CONNECTED CIRCULARITY: Collaborative design of transformative pathways towards a bio-based circular economy (Olga Schagen)

As part of the larger Connected Circularity program of the WUR this research project has its focus on developing concrete pathways for the creation of a bio-based circular economy. The bio-based economy converts biomass from land and sea into food, fuels, chemicals and materials. Principles of a circular economy involve: replacing -of- towards renewable energy; elimination of waste; zero emissions; redesign of materials, products and systems (Ellen MacArthur Foundation 2012).

To ensure a sustainable future it is crucial to move towards a bio-based economy based on a circular instead of a linear use of resources. This entails a fundamental change in technological, organizational, behavioural, market and institutional practices (IPCC 2012; Grashof-Bokdam et al. 2018). For this reason the research takes place in an interdisciplinary and transdisciplinary co-creation and co-learning setting in which different research groups within Wageningen University take part. The involved groups are Public Administration and Policy (PAP), Animal Production Systems (APS), Plant Research (WPSR), Livestock Research (WASG), Environmental Research (WENR), Marine Research, Economic Research (WECR) and Food Bio-based Research (WFBR).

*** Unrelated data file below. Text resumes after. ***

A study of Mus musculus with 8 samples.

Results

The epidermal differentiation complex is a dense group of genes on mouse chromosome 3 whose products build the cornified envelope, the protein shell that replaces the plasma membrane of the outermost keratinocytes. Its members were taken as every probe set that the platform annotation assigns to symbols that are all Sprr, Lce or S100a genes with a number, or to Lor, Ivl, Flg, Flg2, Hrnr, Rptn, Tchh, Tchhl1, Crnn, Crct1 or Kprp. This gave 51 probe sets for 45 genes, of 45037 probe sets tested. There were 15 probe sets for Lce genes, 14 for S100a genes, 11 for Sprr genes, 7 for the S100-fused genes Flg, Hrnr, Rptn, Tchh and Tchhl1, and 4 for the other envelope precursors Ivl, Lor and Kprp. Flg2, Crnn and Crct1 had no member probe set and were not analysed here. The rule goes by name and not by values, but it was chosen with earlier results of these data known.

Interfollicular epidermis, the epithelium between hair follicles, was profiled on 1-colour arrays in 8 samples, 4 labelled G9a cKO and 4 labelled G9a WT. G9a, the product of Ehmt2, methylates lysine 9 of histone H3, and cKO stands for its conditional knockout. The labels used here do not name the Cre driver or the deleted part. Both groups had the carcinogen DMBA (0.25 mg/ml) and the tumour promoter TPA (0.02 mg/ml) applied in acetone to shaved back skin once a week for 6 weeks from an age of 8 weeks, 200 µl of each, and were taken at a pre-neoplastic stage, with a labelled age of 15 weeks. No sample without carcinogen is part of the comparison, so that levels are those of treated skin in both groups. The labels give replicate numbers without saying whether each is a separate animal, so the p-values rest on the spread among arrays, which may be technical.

Because of the systemic and non-linear nature of the transition towards a bio-based circular economy an alternative governance approach is required. The small wins governance framework (Termeer et al. 2017, Termeer & Metze, 2019) will be used to further explore these pathways to enhance change. In this framework, small wins are defined as concrete, completed, in-depth changes (Weick, 1984). Small wins include technological innovations, innovative regulations, new collaborative networks or innovative business models. The set-up of the research is first the analysis of case studies within the different domains from the perspective of this framework to identify small wins and failures. These small wins and failures will form the basis for learning through intervention and experimentation to signal out possible mechanisms that are at play in upscaling change.